I will never forget the beginning of my two-week Christmas vacation when I was 9 years old. I had big plans when I arrived home from school. I rode the school bus to and from school every day, because our 70-acre farm was five miles from the nearest town in rural central Ohio. When the bus stopped at the lane leading to our farmhouse, I leapt down the steps and ran all the way to the front porch, completely out of breath as I entered the front door. Gulping for air, I asked, "Did you buy me a jar of paste?"
Mom's frown answered my question. "I'm afraid there wasn't enough money left over to buy anything extra. Let's hope your Dad gets a good price for our cattle at the auction next week," she said.
Unable to hide my disappointment, I whined, "How will I make Christmas cards and paper chains for the Christmas tree?"
"After supper I will show you how to make homemade paste," Mom said.
Because our farmhouse did not have electricity, we lighted three kerosene lamps at suppertime. After the supper dishes were washed and dried, Mom showed me how to mix one part flour, two parts water, and a dash of salt together to form a thick mixture.
Immediately, I went to my bedroom to make cards out of sheets of red and green construction paper, and bits and pieces of white ribbon and string. Carefully, I secured the cards with dabs of the homemade paste and placed them on my desk to dry overnight.
I planned on cleaning the small bowl of leftover paste the following morning.
At bedtime, when Mom read me, " 'Twas the night before Christmas ... Not a creature was stirring, not even a mouse," I tingled with anticipation as she said each word aloud.
As Mom tucked me in, I whispered, "Don't peek. I have Christmas secrets drying on my desk."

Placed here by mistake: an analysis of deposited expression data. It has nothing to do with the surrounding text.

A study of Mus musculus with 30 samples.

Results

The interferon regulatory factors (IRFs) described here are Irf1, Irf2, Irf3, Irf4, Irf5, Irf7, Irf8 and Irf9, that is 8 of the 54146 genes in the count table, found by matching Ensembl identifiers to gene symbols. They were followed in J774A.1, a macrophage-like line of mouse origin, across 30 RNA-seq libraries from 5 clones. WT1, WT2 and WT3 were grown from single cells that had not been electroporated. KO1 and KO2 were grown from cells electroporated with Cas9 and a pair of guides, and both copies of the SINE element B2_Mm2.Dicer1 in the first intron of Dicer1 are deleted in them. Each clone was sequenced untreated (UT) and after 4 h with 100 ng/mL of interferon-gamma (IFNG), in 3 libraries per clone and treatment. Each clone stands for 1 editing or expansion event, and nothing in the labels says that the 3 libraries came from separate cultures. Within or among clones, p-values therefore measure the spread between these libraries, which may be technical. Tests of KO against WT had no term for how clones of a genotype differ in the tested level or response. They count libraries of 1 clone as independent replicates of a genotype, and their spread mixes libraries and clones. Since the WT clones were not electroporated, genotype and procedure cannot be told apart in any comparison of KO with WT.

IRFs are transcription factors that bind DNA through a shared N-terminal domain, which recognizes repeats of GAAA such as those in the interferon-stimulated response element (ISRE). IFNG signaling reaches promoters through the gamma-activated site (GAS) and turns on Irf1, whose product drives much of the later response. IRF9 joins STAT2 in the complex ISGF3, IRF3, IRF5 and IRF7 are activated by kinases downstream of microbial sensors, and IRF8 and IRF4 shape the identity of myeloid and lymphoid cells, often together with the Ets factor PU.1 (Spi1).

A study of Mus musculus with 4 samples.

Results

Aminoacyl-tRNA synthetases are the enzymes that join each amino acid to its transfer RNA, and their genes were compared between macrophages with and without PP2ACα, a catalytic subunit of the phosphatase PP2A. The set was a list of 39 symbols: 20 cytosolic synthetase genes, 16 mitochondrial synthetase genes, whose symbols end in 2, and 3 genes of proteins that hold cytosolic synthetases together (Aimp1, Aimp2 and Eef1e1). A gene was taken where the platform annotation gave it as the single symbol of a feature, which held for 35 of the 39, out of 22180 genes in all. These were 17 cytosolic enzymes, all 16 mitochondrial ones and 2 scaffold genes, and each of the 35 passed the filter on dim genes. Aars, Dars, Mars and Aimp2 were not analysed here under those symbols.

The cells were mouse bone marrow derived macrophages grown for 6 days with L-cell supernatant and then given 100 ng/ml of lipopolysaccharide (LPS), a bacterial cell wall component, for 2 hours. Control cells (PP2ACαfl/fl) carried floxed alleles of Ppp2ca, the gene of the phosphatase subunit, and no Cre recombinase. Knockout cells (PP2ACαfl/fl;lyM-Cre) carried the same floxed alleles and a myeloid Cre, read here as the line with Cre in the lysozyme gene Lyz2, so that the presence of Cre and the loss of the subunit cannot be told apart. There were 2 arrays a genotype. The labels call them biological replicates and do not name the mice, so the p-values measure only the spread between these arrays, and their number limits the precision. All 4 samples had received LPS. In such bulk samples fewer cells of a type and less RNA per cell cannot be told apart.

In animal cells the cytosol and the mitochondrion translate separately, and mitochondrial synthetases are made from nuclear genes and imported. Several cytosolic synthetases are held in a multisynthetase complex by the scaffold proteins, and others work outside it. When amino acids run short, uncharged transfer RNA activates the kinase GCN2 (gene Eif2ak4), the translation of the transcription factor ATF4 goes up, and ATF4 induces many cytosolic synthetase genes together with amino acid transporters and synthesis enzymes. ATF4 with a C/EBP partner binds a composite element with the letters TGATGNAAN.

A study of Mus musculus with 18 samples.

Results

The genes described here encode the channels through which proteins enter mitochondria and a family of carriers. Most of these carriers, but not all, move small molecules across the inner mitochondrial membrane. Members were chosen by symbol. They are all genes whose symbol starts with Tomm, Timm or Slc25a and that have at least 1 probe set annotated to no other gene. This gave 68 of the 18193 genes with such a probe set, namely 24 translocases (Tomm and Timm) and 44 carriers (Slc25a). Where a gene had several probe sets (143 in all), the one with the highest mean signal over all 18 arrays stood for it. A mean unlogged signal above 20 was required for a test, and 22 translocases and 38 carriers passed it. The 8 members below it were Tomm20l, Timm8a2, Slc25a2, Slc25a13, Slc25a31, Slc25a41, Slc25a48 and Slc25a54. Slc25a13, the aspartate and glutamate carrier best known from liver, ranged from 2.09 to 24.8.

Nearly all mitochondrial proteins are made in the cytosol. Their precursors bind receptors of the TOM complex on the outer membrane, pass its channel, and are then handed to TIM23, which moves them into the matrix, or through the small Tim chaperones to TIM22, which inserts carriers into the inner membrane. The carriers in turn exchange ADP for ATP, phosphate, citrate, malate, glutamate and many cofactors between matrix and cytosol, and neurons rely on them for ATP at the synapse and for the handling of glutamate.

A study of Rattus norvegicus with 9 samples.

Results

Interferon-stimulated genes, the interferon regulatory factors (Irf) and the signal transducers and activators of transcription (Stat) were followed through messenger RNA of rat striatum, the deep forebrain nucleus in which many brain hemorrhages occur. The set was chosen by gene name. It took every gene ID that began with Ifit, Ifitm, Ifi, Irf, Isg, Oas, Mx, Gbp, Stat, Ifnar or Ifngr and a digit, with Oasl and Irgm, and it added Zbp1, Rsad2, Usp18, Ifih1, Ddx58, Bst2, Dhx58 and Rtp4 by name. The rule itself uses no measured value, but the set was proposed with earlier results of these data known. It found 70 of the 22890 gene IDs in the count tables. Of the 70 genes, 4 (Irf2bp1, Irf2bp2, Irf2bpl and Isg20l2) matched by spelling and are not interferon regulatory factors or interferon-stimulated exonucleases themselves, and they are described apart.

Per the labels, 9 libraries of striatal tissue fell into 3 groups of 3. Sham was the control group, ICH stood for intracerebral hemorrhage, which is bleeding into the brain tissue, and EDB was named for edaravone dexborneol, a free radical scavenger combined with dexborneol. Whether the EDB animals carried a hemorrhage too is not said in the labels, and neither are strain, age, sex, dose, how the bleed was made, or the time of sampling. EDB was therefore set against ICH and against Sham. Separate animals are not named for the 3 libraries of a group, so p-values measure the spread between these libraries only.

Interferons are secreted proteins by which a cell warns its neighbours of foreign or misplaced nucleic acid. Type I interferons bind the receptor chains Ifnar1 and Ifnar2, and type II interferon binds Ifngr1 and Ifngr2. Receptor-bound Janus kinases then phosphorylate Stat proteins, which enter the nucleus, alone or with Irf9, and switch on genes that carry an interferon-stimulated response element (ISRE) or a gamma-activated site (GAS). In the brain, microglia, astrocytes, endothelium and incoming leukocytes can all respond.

Around midnight, I was awakened by a rustling noise. Moonlight filtered through my bedroom curtains, but I couldn't see anything in the room. Frightened, I sprang from the bed and headed for my parents' bedroom, shouting, "Come quick! There's something in my room!"
Dad was lighting a kerosene lantern when I entered their bedroom. "Stay here with your mother," he whispered.
Soon, we heard Dad laughing uproariously. Mom and I raced to my bedroom and saw Dad holding a pudgy brown mouse full of paper and paste. "This noisy little creature helped himself to a midnight snack. Sorry, no leftovers," Dad said, laughing.
At first, I wasn't amused that my Christmas cards were ruined, but after Dad freed the mouse outdoors, laughter ensued.
The next day, Dad surprised me with a jar of real paste, and I was able to complete my Christmas crafts.
That happened 50 years ago, but there has never been a Christmas season that when "Not a creature was stirring, not even a mouse" is mentioned, I don't remember the little brown mouse that stopped by for a midnight snack.